Tabletop Gaming at the Library, from D&D to Yu-Gi-Oh
Gaming programs help bring together library patrons of all ages.
Though libraries are often thought of as dead-quiet, nearly empty buildings, nothing could be further from the truth. Libraries are leaning more and more into their roles as community centers nowadays, and as such, it’s now relatively common to find libraries running gaming tables. From intense, high-stakes role-playing games (RPGs) to more strategic card games, let’s take a look at some of the gaming programs libraries are hosting and how they’re working to bring people of all kinds together.
D&D and Other TTRPGs
Tabletop role-playing games, or TTRPGs, are a mainstay for most library gaming programs, and for good reason. TTRPGs like Dungeons and Dragons, Pathfinder, and Call of Cthulu present players with near-limitless options and can even be adjusted to fit their respective age groups. For kids, a family-friendly D&D module like An Ogre and His Cake or an all-ages system like Root. For generally older gaming groups, however, a darker, more in-depth D&D module like Curse of Strahd or a system like Vampire: The Masquerade will work perfectly.
As a result of this versatility, libraries may set up multiple tables for different age groups, allowing any and all visitors to find a game they enjoy playing and a group they enjoy playing it with. If you’re a die-hard fan of TTRPGs, looking to get into them, or even if you’re just interested in taking a look, it’s well worth stopping by your local library to check out their TTRPG program.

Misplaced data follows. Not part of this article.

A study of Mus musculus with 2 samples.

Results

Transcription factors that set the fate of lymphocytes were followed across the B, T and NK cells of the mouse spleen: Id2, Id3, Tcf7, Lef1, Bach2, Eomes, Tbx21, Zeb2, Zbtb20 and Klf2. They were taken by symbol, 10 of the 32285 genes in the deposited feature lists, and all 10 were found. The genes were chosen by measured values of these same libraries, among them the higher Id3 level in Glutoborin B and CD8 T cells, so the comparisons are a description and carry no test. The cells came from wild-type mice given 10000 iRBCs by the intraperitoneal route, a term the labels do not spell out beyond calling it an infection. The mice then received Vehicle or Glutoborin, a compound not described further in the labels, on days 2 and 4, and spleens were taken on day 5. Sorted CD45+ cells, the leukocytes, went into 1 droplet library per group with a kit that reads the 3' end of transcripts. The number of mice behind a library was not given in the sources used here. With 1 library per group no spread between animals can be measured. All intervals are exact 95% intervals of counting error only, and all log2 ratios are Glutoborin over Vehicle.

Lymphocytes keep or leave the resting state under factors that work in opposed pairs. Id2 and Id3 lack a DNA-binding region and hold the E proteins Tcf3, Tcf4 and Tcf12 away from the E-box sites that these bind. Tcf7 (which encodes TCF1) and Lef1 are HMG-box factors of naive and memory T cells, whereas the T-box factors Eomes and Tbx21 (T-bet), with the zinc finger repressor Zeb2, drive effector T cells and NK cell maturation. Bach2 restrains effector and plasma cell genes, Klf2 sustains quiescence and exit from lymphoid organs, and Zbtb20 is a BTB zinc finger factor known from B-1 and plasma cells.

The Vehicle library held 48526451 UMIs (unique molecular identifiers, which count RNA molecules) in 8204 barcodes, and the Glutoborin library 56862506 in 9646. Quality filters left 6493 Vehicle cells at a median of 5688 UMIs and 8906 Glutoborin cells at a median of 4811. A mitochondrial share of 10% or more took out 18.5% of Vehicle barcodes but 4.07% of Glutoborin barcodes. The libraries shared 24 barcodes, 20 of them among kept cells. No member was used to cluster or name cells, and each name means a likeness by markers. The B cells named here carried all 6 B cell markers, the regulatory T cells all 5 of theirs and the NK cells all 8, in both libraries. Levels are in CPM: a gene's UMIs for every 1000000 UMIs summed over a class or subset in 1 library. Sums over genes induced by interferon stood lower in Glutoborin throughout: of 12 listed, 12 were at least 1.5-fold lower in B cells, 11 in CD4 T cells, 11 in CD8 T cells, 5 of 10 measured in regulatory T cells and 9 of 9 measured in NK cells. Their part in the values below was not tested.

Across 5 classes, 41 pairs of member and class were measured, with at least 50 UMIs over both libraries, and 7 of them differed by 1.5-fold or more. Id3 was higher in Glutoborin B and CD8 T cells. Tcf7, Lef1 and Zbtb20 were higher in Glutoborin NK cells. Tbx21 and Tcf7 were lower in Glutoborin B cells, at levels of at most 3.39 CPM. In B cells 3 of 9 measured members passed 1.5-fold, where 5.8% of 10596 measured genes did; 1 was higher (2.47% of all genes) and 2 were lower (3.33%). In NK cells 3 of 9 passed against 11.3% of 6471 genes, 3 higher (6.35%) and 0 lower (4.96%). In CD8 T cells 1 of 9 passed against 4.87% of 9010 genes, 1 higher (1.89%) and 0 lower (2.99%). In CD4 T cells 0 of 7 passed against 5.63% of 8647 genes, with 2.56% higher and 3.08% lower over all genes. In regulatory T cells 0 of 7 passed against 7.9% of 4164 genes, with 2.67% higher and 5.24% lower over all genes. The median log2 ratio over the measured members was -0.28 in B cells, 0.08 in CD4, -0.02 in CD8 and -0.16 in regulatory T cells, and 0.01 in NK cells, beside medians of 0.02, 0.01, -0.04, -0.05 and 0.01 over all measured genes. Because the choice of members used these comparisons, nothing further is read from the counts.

Trading card games, or TGCs, like Yu-Gi-Oh and Pokémon are also library program favorites, simple enough for kids to learn but intricate enough for adults to enjoy as well. While they aren’t overly intense or high stakes, they’re great for creating a spirit of healthy competition and allow players to devise creative and unusual solutions to bring to their next match. Through these rivalries and the intricate strategy involved in building a deck, library visitors will form connections and friendships with each other, furthering the library’s purpose of promoting a sense of community.
Though the way each library approaches it is different, they share a goal of bringing people together, and tabletop gaming programs are just one of these many ways. If you’d like to learn more about how libraries are uniting the community and how you can get involved, visit us at the EveryLibrary blog today!